Greetings to all of you. It is a great pleasure to be able to take part in this festival. These events – which have become so important to the city of Geneva that we love – are very helpful in maintaining an emphasis on the human stories of human rights.
Yes, human rights are about laws, policies and regulations. Yes, they’re about governments and international bodies. But above all, they’re about people.
About young people of every gender, colour and ethnicity yearning for justice. Women warriors for equality who are arbitrarily jailed. Children, forced into exploitation. Stories that are as varied, and as important, as all the human beings in our world.
Every one of the 30 Articles of the Universal Declaration of Human Rights stands for the destiny, the pain, the joy and generosity, of millions of individuals. And at this Festival, it is their stories which are shared.
But this event today is a little different. It is about music – an orchestra of voices that has been put together by the visionary Max Richter and Yulia Mahr, to contemplate and celebrate the Universal Declaration of Human Rights.
It weaves people’s voices, and messages, in their mother tongues, into a tapestry of sound that is also like a river – a single flowing creation made up of many small and vital things.
This is a message of community and care. A message of endurance. It speaks to us of eternal and universal values – principles which are essential to the existence of humanity and the purpose of our lives.
All human beings are born free and equal in dignity and rights.
It is both a deep and simple truth – and a complex, and endless, struggle for justice. It is a message that encompasses all the stories this Festival has ever featured. And at its core, it presents solutions to many – perhaps all – the economic, social and policy dilemmas of our world.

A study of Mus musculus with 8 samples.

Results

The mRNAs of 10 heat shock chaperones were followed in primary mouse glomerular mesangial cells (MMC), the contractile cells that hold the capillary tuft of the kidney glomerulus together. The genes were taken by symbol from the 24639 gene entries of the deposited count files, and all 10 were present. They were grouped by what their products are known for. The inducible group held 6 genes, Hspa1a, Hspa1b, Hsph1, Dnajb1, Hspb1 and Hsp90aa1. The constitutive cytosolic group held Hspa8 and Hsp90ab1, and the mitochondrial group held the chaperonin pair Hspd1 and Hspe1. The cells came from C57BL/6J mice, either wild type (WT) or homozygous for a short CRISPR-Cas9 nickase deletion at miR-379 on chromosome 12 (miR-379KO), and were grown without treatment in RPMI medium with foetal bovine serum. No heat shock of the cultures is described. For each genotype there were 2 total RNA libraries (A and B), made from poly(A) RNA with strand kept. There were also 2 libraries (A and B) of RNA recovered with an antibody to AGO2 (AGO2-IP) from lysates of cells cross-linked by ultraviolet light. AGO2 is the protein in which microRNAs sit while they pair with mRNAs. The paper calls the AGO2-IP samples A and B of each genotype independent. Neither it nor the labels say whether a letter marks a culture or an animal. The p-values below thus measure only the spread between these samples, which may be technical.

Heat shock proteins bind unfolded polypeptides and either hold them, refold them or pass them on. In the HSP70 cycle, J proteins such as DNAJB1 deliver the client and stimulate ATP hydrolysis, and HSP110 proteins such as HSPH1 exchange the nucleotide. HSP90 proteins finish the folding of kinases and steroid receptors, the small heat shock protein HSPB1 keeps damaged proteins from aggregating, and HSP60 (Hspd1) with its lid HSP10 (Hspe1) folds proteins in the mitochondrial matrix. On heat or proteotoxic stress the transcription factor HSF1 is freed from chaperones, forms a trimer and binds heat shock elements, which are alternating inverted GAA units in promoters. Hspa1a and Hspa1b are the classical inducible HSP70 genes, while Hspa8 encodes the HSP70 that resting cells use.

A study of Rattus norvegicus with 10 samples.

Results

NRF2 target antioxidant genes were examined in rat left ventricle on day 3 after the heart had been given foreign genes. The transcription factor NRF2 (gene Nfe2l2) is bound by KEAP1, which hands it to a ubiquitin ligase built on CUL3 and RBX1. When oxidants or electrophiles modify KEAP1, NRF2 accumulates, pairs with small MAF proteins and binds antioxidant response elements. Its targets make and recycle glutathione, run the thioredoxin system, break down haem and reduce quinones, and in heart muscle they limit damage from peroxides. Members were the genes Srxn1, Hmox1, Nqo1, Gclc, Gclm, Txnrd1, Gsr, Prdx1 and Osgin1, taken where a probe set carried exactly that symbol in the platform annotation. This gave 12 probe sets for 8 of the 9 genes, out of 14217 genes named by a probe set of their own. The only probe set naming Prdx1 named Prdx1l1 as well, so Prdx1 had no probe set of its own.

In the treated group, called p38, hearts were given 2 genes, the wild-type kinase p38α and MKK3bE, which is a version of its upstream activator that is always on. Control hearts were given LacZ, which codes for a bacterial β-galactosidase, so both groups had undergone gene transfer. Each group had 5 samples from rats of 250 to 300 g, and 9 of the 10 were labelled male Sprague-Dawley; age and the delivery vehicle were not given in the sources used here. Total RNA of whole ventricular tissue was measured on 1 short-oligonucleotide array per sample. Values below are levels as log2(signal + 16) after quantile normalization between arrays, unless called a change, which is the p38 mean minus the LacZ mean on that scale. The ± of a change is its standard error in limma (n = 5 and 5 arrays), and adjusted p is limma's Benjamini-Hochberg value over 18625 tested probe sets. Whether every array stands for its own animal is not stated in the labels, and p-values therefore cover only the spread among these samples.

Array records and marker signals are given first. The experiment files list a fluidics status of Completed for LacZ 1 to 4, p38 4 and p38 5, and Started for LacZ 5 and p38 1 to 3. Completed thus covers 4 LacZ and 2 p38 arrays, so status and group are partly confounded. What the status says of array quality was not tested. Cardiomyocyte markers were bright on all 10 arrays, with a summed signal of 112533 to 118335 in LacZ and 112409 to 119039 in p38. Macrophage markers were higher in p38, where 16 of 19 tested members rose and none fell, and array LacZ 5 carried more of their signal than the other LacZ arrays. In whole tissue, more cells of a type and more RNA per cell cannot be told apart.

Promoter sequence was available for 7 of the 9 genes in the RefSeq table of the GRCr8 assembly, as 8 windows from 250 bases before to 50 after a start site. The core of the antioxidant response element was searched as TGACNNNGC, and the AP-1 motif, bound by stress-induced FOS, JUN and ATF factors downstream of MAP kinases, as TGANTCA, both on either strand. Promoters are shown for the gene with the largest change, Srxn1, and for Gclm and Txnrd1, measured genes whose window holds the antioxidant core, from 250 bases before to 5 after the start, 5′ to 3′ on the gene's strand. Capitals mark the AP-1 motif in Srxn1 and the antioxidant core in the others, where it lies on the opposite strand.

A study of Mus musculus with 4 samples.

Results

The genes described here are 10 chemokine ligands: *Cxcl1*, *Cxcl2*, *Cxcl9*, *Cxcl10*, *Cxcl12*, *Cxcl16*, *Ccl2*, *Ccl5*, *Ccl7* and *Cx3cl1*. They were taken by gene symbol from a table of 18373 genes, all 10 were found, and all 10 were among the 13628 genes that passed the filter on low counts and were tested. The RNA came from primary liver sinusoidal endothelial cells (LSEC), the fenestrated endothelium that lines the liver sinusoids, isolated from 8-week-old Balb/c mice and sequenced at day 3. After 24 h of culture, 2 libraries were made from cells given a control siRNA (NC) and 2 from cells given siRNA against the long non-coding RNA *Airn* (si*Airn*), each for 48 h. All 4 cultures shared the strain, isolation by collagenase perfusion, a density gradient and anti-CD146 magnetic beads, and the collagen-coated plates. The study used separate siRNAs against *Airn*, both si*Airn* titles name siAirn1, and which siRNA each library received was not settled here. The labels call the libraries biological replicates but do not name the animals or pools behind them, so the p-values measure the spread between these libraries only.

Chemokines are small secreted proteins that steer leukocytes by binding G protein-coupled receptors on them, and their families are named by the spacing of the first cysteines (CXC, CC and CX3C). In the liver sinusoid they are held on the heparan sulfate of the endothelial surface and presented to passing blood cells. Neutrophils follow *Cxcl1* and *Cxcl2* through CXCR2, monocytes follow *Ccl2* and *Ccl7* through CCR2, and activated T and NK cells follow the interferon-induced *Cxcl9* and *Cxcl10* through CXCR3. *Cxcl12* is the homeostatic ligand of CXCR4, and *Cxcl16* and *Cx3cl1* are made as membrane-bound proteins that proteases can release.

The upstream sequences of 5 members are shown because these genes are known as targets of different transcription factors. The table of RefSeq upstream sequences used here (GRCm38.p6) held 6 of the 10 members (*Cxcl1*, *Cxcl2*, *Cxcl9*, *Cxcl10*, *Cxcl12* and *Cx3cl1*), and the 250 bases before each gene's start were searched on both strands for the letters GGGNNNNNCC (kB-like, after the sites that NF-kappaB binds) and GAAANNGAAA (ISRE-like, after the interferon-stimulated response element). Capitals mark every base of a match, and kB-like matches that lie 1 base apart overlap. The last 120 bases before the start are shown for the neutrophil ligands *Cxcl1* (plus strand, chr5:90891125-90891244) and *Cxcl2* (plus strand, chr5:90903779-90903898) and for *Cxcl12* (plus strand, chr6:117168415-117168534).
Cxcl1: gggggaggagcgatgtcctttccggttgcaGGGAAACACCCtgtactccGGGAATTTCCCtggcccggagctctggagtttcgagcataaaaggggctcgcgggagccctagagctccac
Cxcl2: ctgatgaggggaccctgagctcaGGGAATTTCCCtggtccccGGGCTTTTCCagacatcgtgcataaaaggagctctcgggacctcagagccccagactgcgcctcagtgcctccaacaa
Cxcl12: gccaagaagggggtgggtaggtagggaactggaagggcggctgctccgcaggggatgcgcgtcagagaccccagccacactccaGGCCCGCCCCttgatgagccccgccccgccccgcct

The careful cadence of this performance – its subtle use of many languages – and its universal messages call us to reflect, deeply, about the nature of our values and the meaning of what we do.
All around us, things are changing very rapidly. The pandemic of COVID-19 has upended our lives, our workplaces, our families and loved ones, our schools.
And it has brought home a number of essential lessons.
We can see how the pandemic raced through the fault-lines in society that have been created and maintained by generations of harsh discrimination and unprincipled exploitation.
We can see how it expanded those fractures, and used them as drivers to propel its contagion.
We can see how the failure to uphold the fundamental rights to social protection, to health-care – rights that are enumerated clearly in the Universal Declaration – has increased the pandemic’s spread and impact.
COVID-19, like all crises, speaks to the universality of human rights, because it shows us how violations of human rights harm everyone.
And it shows us how upholding human rights protects everyone.
Nobody could claim to see a positive side to this devastating pandemic, which has caused so much death and poverty.
But I hope very deeply that we will gather the strength to apply its lessons, as we begin to rebuild systems and policies that are better than before.
Better, because they are more fair. Because they are more inclusive. Because they embrace and advance people’s rights to speak out, to shape public decisions, to access essential resources and services, and to share the benefits of development.
We need, all of us, to stand up for human rights – perhaps now more than ever before.
Every woman, man and child is born free, and equal, and should remain so.
And it is long past time to build the structures that will deliver those rights to everyone.
Music, like art – and like human rights – speaks to all of us.
United in this music, drinking in the power of these words, I hope you will have a memorable evening.